Interesting article from the Orlando Sentinel: Soaring e-book demand strains Central Florida library budgets

According to the article, libraries pay $84 for e-book titles as compared to $28 for print titles. Part of the higher cost is for convenience. It's not clear from the article if the $84 is for a single checkout copy or multiple (x number of) concurrent checkouts. Either way, e-book pricing, whether for consumers or libraries, seems to be upside down v. hardcopy.

We've been using library e-book lending on our Kindles. The process is a little clunky. In the case of Blount County the main difficulty is finding the link to the e-book library. Then, once you're there you have to log in again.

Both Blount and Knox Co. libraries use the "Overdrive" system which is OK once you figure it out. For Kindle, though, you have to go to Amazon to actually download your book or use USB transfer. (Tip: you can download one checkout to multiple Kindles on your account.)

Looking at instructions for other Overdrive apps (for tablets, etc.), it sounds a little more complicated to set up but possibly smoother to use once it is. Or you can just use Amazon's Kindle app for your device.

If you want to check out a book for longer than the default seven days you have to change your account to set a new default. (We set ours to 21 days and check them back in promptly when finished.)

Blount Co. offers e-books through the Tennessee R.E.A.D.S. program for regional libraries. Knox Co. appears to operate their own program.

I'm not able to find much info about how these programs are funded, how many copies of e-books are available for checkout, etc. For the TN R.E.A.D.S. program it's also not clear if the available checkout copies are shared across all libraries or per-library. Either way, there are usually waiting lists for current best sellers.

It's still a pretty good deal. There are lots of great titles and the cost (free) can't be beat.



michael kaplan's picture

much higher profits for the

much higher profits for the publishers. the libraries may actually be saving money by cutting overhead. imagine how many fewer books pass by the circulation desks ...

Average Guy's picture

Publishing houses are too big to

prosecute.

TV manufactures got small enough to drill, so they were when the flat panel price fiixing case came.

Who owns RCA these days?

Bertelsmann owns Random House and Uncle Rupert owns Harper Collins.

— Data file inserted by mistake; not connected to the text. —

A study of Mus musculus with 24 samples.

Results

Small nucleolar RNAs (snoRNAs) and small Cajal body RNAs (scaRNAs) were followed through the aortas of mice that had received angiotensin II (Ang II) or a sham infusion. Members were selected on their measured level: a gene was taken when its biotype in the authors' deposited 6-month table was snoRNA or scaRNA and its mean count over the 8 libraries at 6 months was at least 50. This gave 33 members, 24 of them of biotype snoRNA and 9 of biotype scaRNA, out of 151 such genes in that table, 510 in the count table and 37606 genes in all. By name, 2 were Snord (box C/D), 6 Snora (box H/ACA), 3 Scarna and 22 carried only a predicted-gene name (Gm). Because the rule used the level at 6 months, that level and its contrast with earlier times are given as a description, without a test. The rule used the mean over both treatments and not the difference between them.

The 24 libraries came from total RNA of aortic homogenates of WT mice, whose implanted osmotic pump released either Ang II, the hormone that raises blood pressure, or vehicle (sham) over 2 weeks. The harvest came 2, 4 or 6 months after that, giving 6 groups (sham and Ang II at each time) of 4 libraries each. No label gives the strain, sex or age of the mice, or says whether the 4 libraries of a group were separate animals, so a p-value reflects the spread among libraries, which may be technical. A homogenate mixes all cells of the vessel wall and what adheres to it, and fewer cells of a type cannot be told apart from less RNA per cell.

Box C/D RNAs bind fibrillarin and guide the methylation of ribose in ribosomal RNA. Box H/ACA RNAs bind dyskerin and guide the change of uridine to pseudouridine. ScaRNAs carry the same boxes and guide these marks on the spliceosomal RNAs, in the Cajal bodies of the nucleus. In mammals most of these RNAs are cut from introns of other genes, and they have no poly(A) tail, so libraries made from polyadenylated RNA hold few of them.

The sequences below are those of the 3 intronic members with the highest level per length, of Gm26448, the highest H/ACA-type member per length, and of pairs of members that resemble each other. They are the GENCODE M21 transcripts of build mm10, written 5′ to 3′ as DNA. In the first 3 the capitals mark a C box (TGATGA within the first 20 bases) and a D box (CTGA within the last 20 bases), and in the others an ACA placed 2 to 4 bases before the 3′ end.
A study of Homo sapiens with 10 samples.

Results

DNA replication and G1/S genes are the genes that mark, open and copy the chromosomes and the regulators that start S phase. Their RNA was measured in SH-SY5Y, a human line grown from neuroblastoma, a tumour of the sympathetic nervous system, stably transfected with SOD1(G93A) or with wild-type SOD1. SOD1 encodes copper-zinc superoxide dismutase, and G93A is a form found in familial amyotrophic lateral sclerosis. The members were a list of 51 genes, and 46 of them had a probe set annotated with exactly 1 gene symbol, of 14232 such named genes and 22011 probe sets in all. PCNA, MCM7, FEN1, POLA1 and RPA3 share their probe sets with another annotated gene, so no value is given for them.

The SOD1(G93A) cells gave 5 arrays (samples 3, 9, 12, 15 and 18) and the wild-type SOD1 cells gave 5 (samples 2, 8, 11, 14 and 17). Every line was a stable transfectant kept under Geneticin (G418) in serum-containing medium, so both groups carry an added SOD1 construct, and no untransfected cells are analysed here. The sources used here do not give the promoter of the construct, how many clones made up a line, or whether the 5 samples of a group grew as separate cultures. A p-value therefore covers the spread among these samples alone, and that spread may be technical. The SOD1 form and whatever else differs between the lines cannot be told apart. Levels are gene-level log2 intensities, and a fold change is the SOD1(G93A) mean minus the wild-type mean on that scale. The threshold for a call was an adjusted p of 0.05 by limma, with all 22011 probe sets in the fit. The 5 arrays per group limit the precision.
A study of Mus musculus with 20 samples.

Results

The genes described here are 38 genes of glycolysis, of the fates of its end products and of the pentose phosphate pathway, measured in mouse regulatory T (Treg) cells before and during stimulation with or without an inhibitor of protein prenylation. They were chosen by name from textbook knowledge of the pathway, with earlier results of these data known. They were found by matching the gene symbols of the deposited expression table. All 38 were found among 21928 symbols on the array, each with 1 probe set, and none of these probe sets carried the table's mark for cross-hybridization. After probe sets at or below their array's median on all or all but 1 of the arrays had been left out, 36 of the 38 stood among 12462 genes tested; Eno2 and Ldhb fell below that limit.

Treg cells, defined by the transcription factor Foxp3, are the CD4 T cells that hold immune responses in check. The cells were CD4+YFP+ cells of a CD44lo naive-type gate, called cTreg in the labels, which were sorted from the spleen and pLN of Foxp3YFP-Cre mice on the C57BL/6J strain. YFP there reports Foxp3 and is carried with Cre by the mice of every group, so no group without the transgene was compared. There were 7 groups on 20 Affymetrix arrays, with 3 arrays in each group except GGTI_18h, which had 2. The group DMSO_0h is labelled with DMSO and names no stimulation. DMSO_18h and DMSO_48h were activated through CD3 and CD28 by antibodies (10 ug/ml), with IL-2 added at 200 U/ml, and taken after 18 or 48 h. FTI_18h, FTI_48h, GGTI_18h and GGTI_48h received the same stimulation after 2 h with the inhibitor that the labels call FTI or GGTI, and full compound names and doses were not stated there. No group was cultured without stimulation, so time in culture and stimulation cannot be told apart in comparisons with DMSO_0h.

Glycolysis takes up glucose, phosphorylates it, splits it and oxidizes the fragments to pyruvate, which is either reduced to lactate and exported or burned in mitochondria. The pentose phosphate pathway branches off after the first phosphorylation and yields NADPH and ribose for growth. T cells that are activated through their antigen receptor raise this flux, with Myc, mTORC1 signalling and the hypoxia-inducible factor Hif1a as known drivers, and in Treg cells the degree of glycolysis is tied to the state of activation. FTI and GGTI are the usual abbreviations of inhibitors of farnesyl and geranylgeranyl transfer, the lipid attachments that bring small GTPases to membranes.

That said, most people don't bat at eye at paying $2 transaction fees to an automated machine while the same transaction at a bank with a smiling, helpful human being has no fee.

Most people don't understand how businesses are cashing in on them with automation. Adults that do generally shrug their shoulders, young people utilize torrents.

Michael's picture

Here's an Excellent Piece

Here's one of the most thoughtful pieces I've read on the industry of publishing, it's history, and its current state.

An excerpt:

"Under a digital publishing model, while the costs of creating the text don’t vary, the model for reproducing the text for mass consumption is entirely different. The marginal cost is zero: It costs as little to produce the billionth copy as it costs to produce the second copy. As abundant as analog reproduction made books and other cultural artifacts, digital reproduction makes them all the more so—not because it changes the resources required to create, but because it changes what is required to reproduce. Copyright, though nominally instituted to encourage the creation of a work, has as its only logical purpose the encouragement of the reproduction of the work. What we see again and again in our society is that people do not need to be encouraged to create, only that businesses want methods by which they can minimize the risk of investing in the creation."

~m.

Average Guy's picture

Artists in the digital world

I've been surprised by the slow growth of commercial peer to peer sharing in the art world.

If I were a musician I'd much rather sell 10k songs from my own site, than I would 100k from iTunes.

The return would be no different.

It would be harder for authors, but a few well placed digital ads with sample chapters could create awareness like a musical tour would for musicians.

smalc's picture

Using Overdrive with the Nook

Using Overdrive with the Nook is much, much easier than the Kindle. It's pretty seamless.

I also use Overdrive for audiobooks for the car, placed on my iphone. Fortunately, once you put an audiobook on your device it does not expire, since I would never get one finished in the allotted time.